If you’re like most couples, you spent a lot of time together over the holidays. Togetherness has been a consistent trend for the past 10 months, but it really seemed to accelerate right at the end of the year. Don’t you think? The Christmas Eve to post-New Year’s break was a seemingly endless string of days holding two questions: What day of the week is it? And, is it too early to start drinking? The answers of course being: who cares and absolutely not.
With all this time together, perhaps you and your dear spouse encountered a few moments of eye-rolling or general irritation. I can vouch for that in my own marriage as we debated multiple plans and somehow did both more and less than we intended.
My husband and I like to think we are (basically) experts in recognizing the conditions where "marital irritation" is most likely to occur. Mostly in our own relationship, but we’ve seen our fair share in others as well.
One time, while watching a couple in a heated debate at our local climbing zone, we coined a satirical infomercial for a product called Maritol. It went something like this: “Is your spouse bothering you? Sure, they all are! Try applying a dose of Maritol to relieve all of your marital irritation. Also available in a lower dosage for those still dating, called Datitol.” Since that time, “Maritol” has become code for “look out, there’s about to be fireworks!”
It doesn’t take a medical degree to diagnose marital irritation. One can self-diagnose, peer-diagnose and even diagnose strangers under the right conditions. We currently have the labs working on an extra-strength pill and accompanying ointment for extreme cases of MI (the approved acronym for marital irritation). Unfortunately, the patent and FDA approval process is long. So in the meantime, here are a few suggestions if you’re experiencing any symptoms of annoyance, frustration or irritation toward your spouse.
Start by assuming positive intent. If that doesn’t work, try sarcasm. In the heat of the moment, the smallest things can turn a flicker of frustration into an oilfield flare. When that happens, try to take a deep breath. Imagine the other person probably had good intentions, even if the outcome is not desirable (like getting your pull-behind-trailer stuck in a drive-thru liquor store...hypothetically speaking). If you just can’t bring yourself to see their good intentions, try bringing a dose of good ol’ self-deprecating humor. We have found it is always better to direct sarcasm at yourself instead of your partner. Try something like, “I bet this happens ALL the time. It’s a wonder they don’t have a sign saying, ‘No 25-foot trailers in the ice-covered-drive-thru,” or “Honey, do you remember where we packed the Maritol? I can’t find it anywhere.”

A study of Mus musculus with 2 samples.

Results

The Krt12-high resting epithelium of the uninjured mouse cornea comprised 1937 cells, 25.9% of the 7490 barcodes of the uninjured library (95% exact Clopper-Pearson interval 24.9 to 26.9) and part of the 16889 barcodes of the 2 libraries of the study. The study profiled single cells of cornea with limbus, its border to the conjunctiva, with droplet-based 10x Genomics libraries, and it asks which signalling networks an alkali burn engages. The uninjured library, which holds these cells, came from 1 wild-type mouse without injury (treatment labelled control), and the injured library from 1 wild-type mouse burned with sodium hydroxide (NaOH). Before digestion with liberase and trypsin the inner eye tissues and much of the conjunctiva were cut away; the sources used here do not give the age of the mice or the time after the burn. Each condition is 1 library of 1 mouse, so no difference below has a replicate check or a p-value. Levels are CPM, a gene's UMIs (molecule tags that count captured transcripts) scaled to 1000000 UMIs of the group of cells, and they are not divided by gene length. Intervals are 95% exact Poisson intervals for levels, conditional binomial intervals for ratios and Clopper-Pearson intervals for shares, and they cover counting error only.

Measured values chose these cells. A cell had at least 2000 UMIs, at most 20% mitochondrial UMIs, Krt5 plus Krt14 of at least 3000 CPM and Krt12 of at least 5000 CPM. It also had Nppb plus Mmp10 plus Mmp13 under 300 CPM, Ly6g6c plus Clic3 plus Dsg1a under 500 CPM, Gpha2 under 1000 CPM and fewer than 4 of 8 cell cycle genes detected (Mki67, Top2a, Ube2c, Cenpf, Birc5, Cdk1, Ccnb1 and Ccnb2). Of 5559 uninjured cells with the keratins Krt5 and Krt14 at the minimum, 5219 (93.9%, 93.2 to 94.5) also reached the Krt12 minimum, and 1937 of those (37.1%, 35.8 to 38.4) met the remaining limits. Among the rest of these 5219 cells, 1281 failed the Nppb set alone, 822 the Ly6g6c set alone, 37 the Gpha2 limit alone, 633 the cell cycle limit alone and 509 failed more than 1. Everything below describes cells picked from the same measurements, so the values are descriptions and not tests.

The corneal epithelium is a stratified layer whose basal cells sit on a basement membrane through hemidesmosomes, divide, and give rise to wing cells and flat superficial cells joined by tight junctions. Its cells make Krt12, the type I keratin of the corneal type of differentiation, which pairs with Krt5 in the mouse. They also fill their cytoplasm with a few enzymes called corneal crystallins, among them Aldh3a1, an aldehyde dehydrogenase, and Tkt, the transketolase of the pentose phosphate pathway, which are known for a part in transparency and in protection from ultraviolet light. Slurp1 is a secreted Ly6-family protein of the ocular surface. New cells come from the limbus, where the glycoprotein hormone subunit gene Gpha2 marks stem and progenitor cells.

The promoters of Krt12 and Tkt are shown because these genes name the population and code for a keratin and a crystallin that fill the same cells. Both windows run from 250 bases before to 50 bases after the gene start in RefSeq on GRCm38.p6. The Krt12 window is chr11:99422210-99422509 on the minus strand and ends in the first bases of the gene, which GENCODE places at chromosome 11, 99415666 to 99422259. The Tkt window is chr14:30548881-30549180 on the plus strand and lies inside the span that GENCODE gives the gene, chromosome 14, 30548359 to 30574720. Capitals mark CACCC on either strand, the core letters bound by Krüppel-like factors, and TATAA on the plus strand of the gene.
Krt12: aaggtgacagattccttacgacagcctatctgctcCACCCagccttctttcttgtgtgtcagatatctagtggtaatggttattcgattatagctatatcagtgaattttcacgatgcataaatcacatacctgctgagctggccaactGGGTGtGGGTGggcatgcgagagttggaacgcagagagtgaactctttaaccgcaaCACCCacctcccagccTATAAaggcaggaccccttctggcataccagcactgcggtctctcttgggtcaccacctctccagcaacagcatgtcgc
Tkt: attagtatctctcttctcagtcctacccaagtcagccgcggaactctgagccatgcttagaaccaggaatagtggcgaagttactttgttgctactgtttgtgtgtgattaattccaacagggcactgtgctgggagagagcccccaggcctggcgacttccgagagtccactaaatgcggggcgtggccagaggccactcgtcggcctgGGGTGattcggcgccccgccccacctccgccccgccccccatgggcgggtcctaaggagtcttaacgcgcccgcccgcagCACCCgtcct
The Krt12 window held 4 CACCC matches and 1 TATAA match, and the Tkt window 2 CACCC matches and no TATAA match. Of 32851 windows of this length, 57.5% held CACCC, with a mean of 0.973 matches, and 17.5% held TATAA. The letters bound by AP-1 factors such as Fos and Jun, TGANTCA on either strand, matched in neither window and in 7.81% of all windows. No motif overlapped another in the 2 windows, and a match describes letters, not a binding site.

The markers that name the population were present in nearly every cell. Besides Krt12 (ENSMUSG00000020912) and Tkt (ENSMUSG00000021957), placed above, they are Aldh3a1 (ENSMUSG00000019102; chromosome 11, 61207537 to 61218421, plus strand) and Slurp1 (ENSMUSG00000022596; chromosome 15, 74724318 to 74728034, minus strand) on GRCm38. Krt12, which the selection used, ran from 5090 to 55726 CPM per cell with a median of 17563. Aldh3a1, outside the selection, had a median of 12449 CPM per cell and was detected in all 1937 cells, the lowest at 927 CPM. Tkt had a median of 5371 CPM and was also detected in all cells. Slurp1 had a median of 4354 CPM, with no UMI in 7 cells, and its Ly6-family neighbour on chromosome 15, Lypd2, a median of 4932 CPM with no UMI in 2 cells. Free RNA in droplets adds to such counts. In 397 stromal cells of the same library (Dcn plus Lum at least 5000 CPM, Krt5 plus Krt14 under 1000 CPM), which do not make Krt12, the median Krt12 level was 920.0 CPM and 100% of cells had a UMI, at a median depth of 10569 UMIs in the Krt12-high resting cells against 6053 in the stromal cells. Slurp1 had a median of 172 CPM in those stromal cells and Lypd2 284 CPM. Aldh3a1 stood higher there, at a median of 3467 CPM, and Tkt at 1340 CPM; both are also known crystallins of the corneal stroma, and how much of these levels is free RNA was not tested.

Blankets are great. Blanket statements are not. I strongly discourage using catch phrases like, “Don’t worry, everything will be OK,” or, “I just need you to trust me.” Nothing breeds doubt faster than a partner with undue or insincere confidence. Instead, say something genuine and a little bit surprising, like: “I’m trying not to resent you, it’s just not going very well,” or, “What’s your score on the anger versus contempt scale? I’m sitting at a 7 and a 9.” If you prefer a more proactive approach, you can also examine the situation for something useful to do: Make a warm meal, find the beer cooler, build a fire, etc. Then say something like, “Look, I got you a random act of kindness.”
Turn off autocorrect. Sometimes your spouse might have a different way of approaching and solving a problem than you would. For example, the time they successfully tied down all the bikes to the camper using a single piece of rope because they couldn’t get the finicky tie-downs to work. Or the time they managed to get the entire family packed and ready for a camping trip without you (even if they did only bring bacon, martini glasses and s'mores). In these moments of dismay we can be tempted to give an autocorrect response like, “That’s not how you…” or, “I thought I told you…” Don’t do it. It’s a sure way to end up with high levels of MI. Instead, say something like, “Wow, what a creative solution,” or “Thanks honey, s’mores for dinner sounds lovely.”
See, it’s not so hard after all! With the holiday break behind you, it might just be time to start thinking about a weekend getaway or a spring break adventure with the spouse you love so much. Just be sure you have plenty of Maritol in the camper.
The concepts in this article are the fodder for the podcast “Maritol, Adventure Therapy for Marital Irritation,” co-hosted by Mandy and her husband, Brian. You can find it on their website www.granolaandgasoline.com or on Apple podcasts.